Dr Jack Stiglitz fondly known as Papa Jack touched thousands of people’s lives. He was one of those special people that had a positive influence on everyone who came across him, and asked for nothing in return. He selflessly gave of himself to his community, through his care, compassion, humility and outstanding knowledge of medicine. He was a true Tzadik.
Jack was born in Passau, Germany, the eldest child of Margaret and Kalman Stiglitz. At just one month of age, the Stiglitz family immigrated to Paris where he and his younger sister Fanny spent their formative years. He had a happy childhood, which was unfortunately cut short when his father passed away in 1957 from Tuberculosis. Jack became the man of the house and took on the paternalistic role in looking after his mother and sister.
On the 20th September in 1958, the Stiglitz family arrived in Australia to live. This was the day Collingwood won the Grand Final, and this is where the love affair with Collingwood began for Jack. After settling in Australia, Margaret met and married Izaac Rozen who became a father figure to Jack, and he gained two brothers, Harry and Leon and a sister Mary. Jack had a strong bond with each of his siblings.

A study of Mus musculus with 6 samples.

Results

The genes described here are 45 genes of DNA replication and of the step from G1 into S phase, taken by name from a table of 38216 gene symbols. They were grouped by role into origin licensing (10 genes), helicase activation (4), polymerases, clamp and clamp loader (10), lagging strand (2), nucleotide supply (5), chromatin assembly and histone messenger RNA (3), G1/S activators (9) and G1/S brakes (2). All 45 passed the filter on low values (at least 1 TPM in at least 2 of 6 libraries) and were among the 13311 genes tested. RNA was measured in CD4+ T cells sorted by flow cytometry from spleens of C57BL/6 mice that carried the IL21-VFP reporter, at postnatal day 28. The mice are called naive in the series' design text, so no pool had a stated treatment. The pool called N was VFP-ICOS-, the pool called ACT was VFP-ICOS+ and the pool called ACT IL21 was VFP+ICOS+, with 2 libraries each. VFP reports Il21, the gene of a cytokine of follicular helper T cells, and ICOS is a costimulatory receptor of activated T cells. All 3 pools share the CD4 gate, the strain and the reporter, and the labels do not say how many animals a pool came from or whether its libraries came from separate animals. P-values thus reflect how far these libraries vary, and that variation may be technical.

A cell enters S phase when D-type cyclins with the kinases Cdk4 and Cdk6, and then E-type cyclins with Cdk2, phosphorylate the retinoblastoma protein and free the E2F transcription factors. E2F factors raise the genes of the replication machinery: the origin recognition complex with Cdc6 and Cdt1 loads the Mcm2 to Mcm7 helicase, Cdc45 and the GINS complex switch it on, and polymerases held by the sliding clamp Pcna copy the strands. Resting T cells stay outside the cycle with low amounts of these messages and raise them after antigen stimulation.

Jack attended Caulfield North primary and obtained a scholarship to Melbourne High School. After completing high school, he was awarded with a Commonwealth Scholarship to study medicine at Monash University.
He met the beautiful, intelligent and witty Marta Elias at a friend’s 21st party while he was studying medicine and the rest is history. She was his 1st true love and they had a loving and successful marriage of 50 years. Together they had two children, Linda and Daniel and both children were inspired by their father and his love of medicine, and both became doctors – Daniel an Anaethetist and Linda a GP like her father.
Jack was born to be a healer. General Practice was supposed to be a summer job while he was studying cardiology, but he soon fell in love with General Practice and it equally fell in love with him. He practiced “old style” General Practice which was 7 days a week, all hours of the day or night, including home calls, hospital visits and many hours spent in the surgery. He volunteered for Hatzolah, a cause close to his heart and he supported them from their infancy 25 years ago.